Bloom Where You’re Planted

Published 04/24/2018

“The flower that blooms in adversity is the rarest and most beautiful of all.” – Walt Disney

All living things must grow. In one way or another, plants of all kinds will encounter high winds, heavy rains, drought and damage. They will also bask in beautiful sunsets that could only be painted by the hands of God, enjoy the cool breeze on a spring day, and be nurtured by those around them. Oddly enough, people are a lot like plants and sometimes we have to be replanted so we can continue to grow.

As my junior year of high school began, I was somewhat lost. I had run for district office and failed, our chapter Skills team had missed going to state by one placing, and while I was involved with all aspects of my local FFA chapter, I couldn’t help but feel like I was destined to do something bigger.

Towards the end of my junior year, this “drought“ came to an end when selected to serve as a Texas FFA Foundation Ambassador. On the first day of ambassador training I walked into the room as a shy, scrawny, little girl. I sat in the back and listened intently to our instructions for the week. The Texas FFA Foundation director was speaking to us when he shared this quote, “The true meaning of life, is to plant trees under who’s shade you may never sit.” That’s when I knew I had to strive to make a difference in this big world – a world with big challenges. I knew it was not only my job, but my purpose and passion to plant those seeds of servant leadership so others could reap the benefits.

As an Ambassador, I had the opportunity to work behind the scenes at Texas FFA State Convention. I built relationships with sponsors, dignitaries, and special guests by advocating for agriculture and telling my FFA story. And with every story shared, my love for the Texas FFA grew, as did my need to “plant seeds” and I knew the perfect way to do that.

After my first convention as a Foundation Ambassador, I came home inspired to “plant seeds” in my community. Four of our seven chapter officers were seniors and we decided the best way to leave a legacy was to create a Jr. FFA program and a scholarship fund for students actively involved in the chapter. I ran for district officer again, and was elected Paris District Treasurer. It’s crazy to think that a year prior, I had been in a drought. Lost and looking for a change in the weather, and now I was growing as a person and a leader at a rapid pace, and I would soon need to be replanted.

As my high school FFA career came to an end I was chosen to serve as an Ambassador Team leader, then an Ambassador Coordinator, and onto the Texas FFA Foundation Intern for two years. With each new achievement, I was replanted so I could grow, and the Texas FFA along with my friends and family were there to nurture, cultivate, and help me weed out the bad and empower the good. With each replanting I tried to leave a few seeds behind for the next person, because it was – and continues to be – my greatest wish, to serve the people I encounter.

Because of my involvement with the Texas FFA Foundation I had grown my professional network quite extensively. As my graduation from Tarleton State University approached, I had several job opportunities present themselves, yet none were what I really dreamed of doing – I wanted to become an Agricultural Science Teacher. A few people were not so kind towards my decision. Many mentioned that I was wasting my time and talent becoming an ag teacher. However, I knew the impacts a great ag teacher and FFA program could have on a student. I knew that if I became an ag teacher, I would have the opportunity every day to impact my students in a positive way. I would be able to serve them and watch them grow. To teach them about my experiences in the storms, droughts, and blissful sunsets.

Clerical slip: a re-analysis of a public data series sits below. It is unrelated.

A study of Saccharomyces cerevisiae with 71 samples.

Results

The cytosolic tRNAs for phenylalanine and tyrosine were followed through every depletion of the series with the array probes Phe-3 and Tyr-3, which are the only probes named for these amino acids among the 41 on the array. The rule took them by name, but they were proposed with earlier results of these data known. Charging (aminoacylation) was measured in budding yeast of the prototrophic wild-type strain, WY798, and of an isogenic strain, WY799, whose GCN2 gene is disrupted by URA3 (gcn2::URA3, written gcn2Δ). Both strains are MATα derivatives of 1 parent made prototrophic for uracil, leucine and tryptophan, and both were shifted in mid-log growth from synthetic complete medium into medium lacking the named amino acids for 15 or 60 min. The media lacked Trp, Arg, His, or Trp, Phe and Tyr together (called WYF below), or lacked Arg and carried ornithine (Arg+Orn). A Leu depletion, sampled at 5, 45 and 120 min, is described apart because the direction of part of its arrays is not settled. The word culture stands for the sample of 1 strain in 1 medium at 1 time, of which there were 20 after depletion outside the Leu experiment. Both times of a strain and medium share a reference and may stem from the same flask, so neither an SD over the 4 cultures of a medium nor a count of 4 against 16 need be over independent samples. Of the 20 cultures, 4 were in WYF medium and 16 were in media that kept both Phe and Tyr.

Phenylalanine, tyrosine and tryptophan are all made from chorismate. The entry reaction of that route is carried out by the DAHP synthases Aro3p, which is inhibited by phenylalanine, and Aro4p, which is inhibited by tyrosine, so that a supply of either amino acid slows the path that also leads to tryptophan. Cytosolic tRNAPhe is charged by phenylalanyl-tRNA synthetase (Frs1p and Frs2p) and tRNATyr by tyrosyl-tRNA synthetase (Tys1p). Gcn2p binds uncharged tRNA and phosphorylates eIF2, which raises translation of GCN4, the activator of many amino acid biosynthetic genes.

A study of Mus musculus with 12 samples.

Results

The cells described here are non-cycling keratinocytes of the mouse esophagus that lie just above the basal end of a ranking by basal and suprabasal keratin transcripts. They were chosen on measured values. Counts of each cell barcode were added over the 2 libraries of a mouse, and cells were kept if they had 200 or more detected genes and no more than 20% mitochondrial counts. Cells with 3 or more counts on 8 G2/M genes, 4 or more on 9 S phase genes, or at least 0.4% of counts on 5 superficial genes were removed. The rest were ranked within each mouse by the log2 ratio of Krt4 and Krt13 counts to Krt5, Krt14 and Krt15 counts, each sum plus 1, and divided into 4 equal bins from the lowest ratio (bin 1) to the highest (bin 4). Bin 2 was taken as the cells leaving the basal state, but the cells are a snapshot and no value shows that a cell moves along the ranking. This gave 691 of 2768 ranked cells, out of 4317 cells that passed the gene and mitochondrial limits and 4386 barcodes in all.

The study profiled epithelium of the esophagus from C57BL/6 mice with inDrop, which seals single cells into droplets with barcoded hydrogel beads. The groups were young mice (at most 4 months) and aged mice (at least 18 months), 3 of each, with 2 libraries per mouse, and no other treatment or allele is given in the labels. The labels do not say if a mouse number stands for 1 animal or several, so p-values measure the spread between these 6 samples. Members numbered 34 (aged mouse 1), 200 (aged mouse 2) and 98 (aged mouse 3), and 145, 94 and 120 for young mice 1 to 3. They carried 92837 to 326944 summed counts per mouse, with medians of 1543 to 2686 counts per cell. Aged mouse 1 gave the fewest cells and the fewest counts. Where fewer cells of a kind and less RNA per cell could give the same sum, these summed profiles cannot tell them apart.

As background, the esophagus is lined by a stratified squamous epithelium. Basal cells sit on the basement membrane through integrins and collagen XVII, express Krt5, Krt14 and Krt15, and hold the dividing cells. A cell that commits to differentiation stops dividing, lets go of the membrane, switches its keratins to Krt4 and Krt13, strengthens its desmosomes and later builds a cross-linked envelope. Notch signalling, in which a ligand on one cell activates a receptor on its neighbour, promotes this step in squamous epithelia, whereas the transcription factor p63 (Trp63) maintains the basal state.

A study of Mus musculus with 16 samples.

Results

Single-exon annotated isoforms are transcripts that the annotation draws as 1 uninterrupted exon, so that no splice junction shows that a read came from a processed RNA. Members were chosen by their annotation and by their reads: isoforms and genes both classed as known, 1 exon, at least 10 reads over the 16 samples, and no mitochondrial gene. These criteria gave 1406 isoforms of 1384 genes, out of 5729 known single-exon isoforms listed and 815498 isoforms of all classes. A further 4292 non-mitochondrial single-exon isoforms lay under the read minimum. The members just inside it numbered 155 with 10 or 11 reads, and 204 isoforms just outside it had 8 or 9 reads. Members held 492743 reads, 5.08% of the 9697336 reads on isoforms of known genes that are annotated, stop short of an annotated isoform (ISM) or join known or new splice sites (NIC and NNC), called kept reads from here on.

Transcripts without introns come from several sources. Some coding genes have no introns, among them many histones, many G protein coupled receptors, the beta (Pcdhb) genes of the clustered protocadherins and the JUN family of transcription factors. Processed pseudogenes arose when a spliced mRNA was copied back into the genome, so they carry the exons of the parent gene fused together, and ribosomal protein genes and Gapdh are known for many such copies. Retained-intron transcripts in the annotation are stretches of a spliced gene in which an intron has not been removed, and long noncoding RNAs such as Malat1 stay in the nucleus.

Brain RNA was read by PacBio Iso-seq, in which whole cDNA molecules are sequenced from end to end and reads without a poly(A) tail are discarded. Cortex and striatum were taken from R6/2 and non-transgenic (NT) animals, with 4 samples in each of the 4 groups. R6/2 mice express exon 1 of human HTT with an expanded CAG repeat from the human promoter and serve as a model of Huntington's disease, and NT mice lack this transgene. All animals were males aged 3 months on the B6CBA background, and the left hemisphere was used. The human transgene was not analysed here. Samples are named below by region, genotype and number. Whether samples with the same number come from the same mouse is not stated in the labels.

Just as plants need to be cultivated so do people. When I graduated college I had to be replanted and continue growing. Now, I am helping to grow those around me. Currently I am serving as an ag teacher at Como-Pickton CISD. I have an opportunity daily to make a difference in the lives of my students through agriculture education and the FFA. In the last year and a half, I have seen students exceed far beyond what they themselves expected. I have witnessed those “lightbulb” moments when the student just “gets it,” and they understand all the hard work they have put in, is paying off. I have watched my students as they stood up for something they believe in and listened as they eloquently articulated their point in the argument. I have celebrated with my students as their dreams of becoming chapter officers or Foundation Ambassadors have come true. I have watered, fertilized, and cultivated my students in an effort to prepare them to be replanted because as an agriculturalist, it is my job to ensure all things grow; and as an ag teacher it is my job to ensure they have the skills necessary to be successful.

Change is inevitable and while most people fear it, I encourage you to embrace it. Don’t be afraid to be replanted because it’s just God’s way of telling you that you need more room to grow. A wise person once told me to “Pay attention to the things you are naturally drawn to. They are often connected to your path, passion and purpose in life.” I am a product of the Texas FFA, I have found my passion and my purpose and I look forward to leaving seeds, empowering dreams and helping to replant my students for success for many years to come.